European Journal of Trauma and Emergency Surgery 3/2014

Epidemiology of pertrochanteric fractures: our institutional experience

European Journal of Trauma and Emergency Surgery > Ausgabe 3/2014
J. N. Lamb, M. Panteli, S. G. Pneumaticos, P. V. Giannoudis



Hip fractures, a common manifestation of fragility fractures, represent a major cause of morbidity and mortality in the elderly population and may have devastating consequences to the patient, their family, and society thereafter. We attempted to define the epidemiology of pertrochanteric fractures treated at a large university teaching hospital in the UK and compared our findings with the national and international literature.


Between April 2008 and March 2013, we conducted a retrospective cohort study at our institution. All adult patients sustaining a proximal femoral fracture were included in our study. The following parameters were collected and evaluated: (1) demographics, (2) fracture pattern, (3) American Society of Anaesthesiologists (ASA) grade, (4) type of pre-injury mobilization, and (5) method of stabilization. Our findings were then compared to the national data as published in the National Hip Fracture Database (NHFD).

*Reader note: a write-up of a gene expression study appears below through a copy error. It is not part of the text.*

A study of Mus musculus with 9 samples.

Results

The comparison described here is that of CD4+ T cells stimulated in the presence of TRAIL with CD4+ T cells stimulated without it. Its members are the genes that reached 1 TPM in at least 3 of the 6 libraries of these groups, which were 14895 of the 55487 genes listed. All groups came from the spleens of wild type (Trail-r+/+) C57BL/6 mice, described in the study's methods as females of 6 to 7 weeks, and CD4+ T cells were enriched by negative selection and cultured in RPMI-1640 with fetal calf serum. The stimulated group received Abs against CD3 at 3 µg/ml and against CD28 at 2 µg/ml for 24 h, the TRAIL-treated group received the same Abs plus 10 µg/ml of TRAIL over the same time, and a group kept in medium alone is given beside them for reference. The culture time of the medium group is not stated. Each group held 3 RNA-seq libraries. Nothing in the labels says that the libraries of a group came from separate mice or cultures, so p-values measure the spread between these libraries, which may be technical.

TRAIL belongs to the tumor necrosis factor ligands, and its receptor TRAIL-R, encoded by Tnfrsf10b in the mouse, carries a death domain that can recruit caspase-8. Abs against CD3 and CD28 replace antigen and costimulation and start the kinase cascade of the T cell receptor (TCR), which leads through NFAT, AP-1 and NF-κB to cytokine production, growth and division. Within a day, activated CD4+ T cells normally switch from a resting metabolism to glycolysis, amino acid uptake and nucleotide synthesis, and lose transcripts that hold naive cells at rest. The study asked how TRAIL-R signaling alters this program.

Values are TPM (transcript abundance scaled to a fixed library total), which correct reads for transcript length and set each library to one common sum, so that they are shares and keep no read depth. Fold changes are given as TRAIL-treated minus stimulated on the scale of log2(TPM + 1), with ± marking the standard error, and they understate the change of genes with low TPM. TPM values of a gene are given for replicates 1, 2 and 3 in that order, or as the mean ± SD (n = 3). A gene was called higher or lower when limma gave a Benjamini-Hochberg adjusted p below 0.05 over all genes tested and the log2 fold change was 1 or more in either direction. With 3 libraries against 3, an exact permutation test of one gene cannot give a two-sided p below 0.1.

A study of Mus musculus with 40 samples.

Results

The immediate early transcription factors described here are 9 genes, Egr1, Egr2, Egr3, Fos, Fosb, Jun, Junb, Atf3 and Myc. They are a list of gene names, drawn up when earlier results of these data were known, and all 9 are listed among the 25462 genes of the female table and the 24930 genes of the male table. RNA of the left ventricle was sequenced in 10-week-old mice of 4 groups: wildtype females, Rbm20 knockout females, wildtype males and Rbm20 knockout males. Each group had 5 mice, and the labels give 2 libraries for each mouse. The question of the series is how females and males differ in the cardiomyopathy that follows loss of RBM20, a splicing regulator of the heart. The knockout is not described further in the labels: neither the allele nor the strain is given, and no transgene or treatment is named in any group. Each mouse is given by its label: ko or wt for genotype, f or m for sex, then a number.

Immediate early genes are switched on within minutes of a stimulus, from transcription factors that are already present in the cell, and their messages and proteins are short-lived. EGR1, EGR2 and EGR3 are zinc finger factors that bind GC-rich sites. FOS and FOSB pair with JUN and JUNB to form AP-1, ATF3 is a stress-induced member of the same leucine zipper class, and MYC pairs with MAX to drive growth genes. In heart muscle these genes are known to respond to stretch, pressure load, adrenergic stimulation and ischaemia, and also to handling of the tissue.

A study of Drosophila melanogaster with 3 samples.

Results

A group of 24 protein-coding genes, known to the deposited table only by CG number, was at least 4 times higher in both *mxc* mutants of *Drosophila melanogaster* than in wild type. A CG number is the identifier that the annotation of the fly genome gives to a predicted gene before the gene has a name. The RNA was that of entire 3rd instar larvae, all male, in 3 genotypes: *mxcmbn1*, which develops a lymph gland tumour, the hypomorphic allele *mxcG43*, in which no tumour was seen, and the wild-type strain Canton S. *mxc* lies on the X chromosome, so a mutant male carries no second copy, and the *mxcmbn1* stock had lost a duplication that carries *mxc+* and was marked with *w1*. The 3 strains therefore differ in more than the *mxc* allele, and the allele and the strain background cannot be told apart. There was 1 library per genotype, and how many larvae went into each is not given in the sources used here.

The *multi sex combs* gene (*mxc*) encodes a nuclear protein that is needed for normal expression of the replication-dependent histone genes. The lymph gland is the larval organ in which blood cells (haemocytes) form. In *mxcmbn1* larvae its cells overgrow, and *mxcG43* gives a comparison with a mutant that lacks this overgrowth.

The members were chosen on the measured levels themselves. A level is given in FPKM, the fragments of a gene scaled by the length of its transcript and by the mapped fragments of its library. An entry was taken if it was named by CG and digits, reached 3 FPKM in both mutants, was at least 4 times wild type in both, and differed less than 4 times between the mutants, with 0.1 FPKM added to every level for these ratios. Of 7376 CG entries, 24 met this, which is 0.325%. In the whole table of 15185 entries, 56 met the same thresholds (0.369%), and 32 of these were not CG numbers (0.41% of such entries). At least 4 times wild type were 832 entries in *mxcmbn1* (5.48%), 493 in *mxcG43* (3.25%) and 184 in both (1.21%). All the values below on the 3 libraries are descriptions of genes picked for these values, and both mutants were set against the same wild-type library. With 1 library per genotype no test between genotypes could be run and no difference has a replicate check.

Over a period of 5 years, 3,036 proximal femoral fractures were managed at our institution, with 916 (30.2 %) being classified as pertrochanteric fractures (250 male; mean age 82.0, SD 11.2). No significant change in the incidence of pertrochanteric fractures was evident during the same period. Between 2012 and 2013, 51,705 proximal femoral fractures were recorded in England, of which 19,569 (37.8 %) were classified as pertrochanteric fractures. Comparison between pertrochanteric and intracapsular fractures with respect to their demographics did not reveal any significant difference. In female patients, the relative incidence of pertrochanteric fractures was shown to increase with age. However, this was not the case in the male population.


The incidence of pertrochanteric fractures remained unchanged over the last 5 years. The relative incidence of pertrochanteric fractures is higher in elderly females; this may be explained by reduced bone mineral density and reduced trochanteric bone strength. Rigorous preventive treatments of osteoporosis should be considered in high-risk patients, along with improved safety measures to reduce falls.